13 Reasons Why – Resources
In a prior post I provided a link to resources related to the hit Netflix Series “13 Reasons Why” (13RW) – and a little while after that, SPRC compiled resources and put together a page of their own. Their list is well organized, and will likely be the “go to” spot for the suicide prevention community.
13 Reasons Why – My experience
I promised to provide my honest thoughts about the series after watching it, and although I disappeared for a little while (more on that at the end of this post), I recorded my thoughts after each episode. Here are some of the things I had to note:
- First, Netflix selected 13 Reasons Why as a show it thought I would be interested in with 98% confidence. Apparently, I fit the profile of one of their intended audience segments? #LivedExp
- I found myself drawn into the story – something like a murder mystery drama but with a suicidal twist.
- It’s hard not to be concerned about the characters that struggle in the aftermath of Hannah’s suicide. Is Alex going to die next? Is Clay going to lose his mind? Is Justin going off the deep end? How far down will Jessica descend?
- There’s a harsh dose of reality in the presentation that the attention to suicide prevention often does only come after a student dies by suicide. Similarly, the attention to drinking and driving usually comes after a fatal accident.
- I’m amazed at the degree of cluelessness and ineptitude among the adults in the series. From the school administrators and professionals through the parents of the kids, the extent to which they are oblivious about the teen issues is astounding.
- No Clay, you didn’t kill Hannah Baker. Hannah killed Hannah. Nobody successfully stopped her from doing that, but it isn’t the same thing. However, the writers sure seem to want to convince folks that it is the fault of everyone around Hannah that she dies.
I also watched the “Beyond 13 Reasons” segment that follows after Season One. It’s an informative 30-minute segment, and after watching it I came away thinking that it wasn’t primarily a suicide story – they wanted this to be a story about bullying and sexual assault, punctuated by a suicide.
Analysis of the Response to 13 Reasons Why
We need to reinforce that this is fiction. Almost every concern about what kids will learn, or what they will conclude, is based on the line between reality and fiction becoming blurred. Dan Reidenberg of SAVE made this point in the webinar hosted by Kognito. Both the National Association of School Psychologists and “The Mediatrician” make similar points. It might make sense to play a clip like this:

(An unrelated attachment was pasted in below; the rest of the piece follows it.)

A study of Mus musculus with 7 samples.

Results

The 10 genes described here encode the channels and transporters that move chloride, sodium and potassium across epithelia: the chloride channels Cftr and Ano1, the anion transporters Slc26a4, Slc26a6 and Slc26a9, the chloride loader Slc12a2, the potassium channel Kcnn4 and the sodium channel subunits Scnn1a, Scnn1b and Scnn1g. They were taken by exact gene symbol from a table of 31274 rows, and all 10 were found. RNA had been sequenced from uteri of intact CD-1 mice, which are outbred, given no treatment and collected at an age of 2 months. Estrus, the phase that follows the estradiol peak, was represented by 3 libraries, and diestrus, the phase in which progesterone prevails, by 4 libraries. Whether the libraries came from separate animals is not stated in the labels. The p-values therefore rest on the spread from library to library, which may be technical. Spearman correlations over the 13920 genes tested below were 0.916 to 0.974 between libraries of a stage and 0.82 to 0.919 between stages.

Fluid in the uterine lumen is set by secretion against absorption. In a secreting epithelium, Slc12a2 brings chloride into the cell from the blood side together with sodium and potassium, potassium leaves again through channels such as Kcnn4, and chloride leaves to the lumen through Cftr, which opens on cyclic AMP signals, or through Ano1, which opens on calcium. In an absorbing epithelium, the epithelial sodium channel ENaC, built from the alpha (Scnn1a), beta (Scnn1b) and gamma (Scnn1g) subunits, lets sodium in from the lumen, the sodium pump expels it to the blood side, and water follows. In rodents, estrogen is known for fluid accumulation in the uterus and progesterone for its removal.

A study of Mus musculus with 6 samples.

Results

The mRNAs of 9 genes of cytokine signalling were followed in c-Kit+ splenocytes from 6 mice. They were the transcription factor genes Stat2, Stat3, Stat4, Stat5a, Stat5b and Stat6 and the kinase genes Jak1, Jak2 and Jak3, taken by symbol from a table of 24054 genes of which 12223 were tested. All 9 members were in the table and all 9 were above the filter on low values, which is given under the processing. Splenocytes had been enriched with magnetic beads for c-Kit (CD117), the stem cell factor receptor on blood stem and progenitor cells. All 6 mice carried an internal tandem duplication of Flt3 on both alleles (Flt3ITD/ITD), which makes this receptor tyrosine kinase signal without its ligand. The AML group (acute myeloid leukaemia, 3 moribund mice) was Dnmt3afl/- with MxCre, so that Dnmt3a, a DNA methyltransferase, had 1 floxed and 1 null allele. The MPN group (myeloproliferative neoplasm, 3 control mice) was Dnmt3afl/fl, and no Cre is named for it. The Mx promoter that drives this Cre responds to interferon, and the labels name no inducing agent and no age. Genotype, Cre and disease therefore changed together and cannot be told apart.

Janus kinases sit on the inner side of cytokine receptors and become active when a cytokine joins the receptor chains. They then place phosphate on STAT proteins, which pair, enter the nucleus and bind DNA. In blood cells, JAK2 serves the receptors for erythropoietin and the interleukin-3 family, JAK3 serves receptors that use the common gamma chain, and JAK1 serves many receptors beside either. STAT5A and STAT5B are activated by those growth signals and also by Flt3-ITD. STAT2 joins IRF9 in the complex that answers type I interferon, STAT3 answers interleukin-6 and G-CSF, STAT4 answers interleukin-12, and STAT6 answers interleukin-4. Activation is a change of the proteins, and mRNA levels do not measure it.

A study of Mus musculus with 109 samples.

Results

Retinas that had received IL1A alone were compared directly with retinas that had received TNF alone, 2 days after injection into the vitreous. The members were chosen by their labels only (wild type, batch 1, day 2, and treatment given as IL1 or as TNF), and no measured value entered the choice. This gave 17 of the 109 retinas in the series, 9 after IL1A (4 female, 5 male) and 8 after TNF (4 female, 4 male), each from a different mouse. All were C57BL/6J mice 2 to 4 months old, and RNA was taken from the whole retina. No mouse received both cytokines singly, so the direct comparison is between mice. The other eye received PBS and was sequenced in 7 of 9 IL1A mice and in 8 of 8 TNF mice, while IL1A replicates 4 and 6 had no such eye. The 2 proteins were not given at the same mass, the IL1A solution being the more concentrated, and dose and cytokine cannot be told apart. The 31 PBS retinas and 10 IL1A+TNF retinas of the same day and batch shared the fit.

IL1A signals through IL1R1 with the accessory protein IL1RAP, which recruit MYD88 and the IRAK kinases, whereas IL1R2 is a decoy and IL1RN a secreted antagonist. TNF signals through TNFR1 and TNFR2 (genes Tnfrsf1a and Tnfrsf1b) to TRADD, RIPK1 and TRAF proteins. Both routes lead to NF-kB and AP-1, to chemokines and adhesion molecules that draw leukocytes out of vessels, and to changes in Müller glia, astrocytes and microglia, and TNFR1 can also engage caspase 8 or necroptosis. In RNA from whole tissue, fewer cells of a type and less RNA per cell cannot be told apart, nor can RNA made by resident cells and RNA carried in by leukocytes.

Why? I don’t recommend it because I think they are giving great advice. I think it could help because 2 of the main actors are out of character, talking (and looking) more happy and relaxed. She doesn’t even sound like Hannah when she’s out of character! Imagine if Netflix had done what the Society of Clinical Child and Adolescent Psychology (SCCAP) suggested:
Yet, the series misses the opportunity to teach teens about mental health, how to spot the signs of a friend in trouble, and how to seek help. A more responsible approach would have been to provide information at the end of each episode with resources for teens about how to deal with these issues and seek help. Instead, the series leaves the viewer with no resources or advice for dealing with these complex issues.
If actors from the show broke out of character after an episode to discuss resources for help it could have had a double effect: (1) Reinforce that what the viewer just saw was fiction, and these are not real stories and (2) Get useful information about the important issues on the show. If they did that then maybe they’d be eligible for a SAMHSA Voice Award in the future.
Response to 13 Reasons Why – What’s been missing (until now)?
Like I said above, I think that the SCCAP called it right. Folks need specific resources and advice to deal with the complex issues that come out in the show. The suicide prevention and mental health organizations have done a good job at raising awareness about the potential harms from violating the media guidelines, and have also pointed to mental health resources that parents and others might go to for help.
To use a sports analogy, Netflix tossed out the ball and made everyone pay attention to the game taking place. The suicide prevention field has named the game, outlined the rules, and provided instructions to the parents and teens thrust into play. However, what parents have been missing is a coach who will help them carry out the next steps.
That was my realization as I compiled resources related to 13RW and that was the driving force for developing a new book to help coach parents: 13 Answers for the 13 Reasons Why: An Episode-by-Episode Mental Health Resource Guide for Parents.
This post fulfills my promise to revisit the topic. It took a month to get back to this, but I wanted to get the book done first.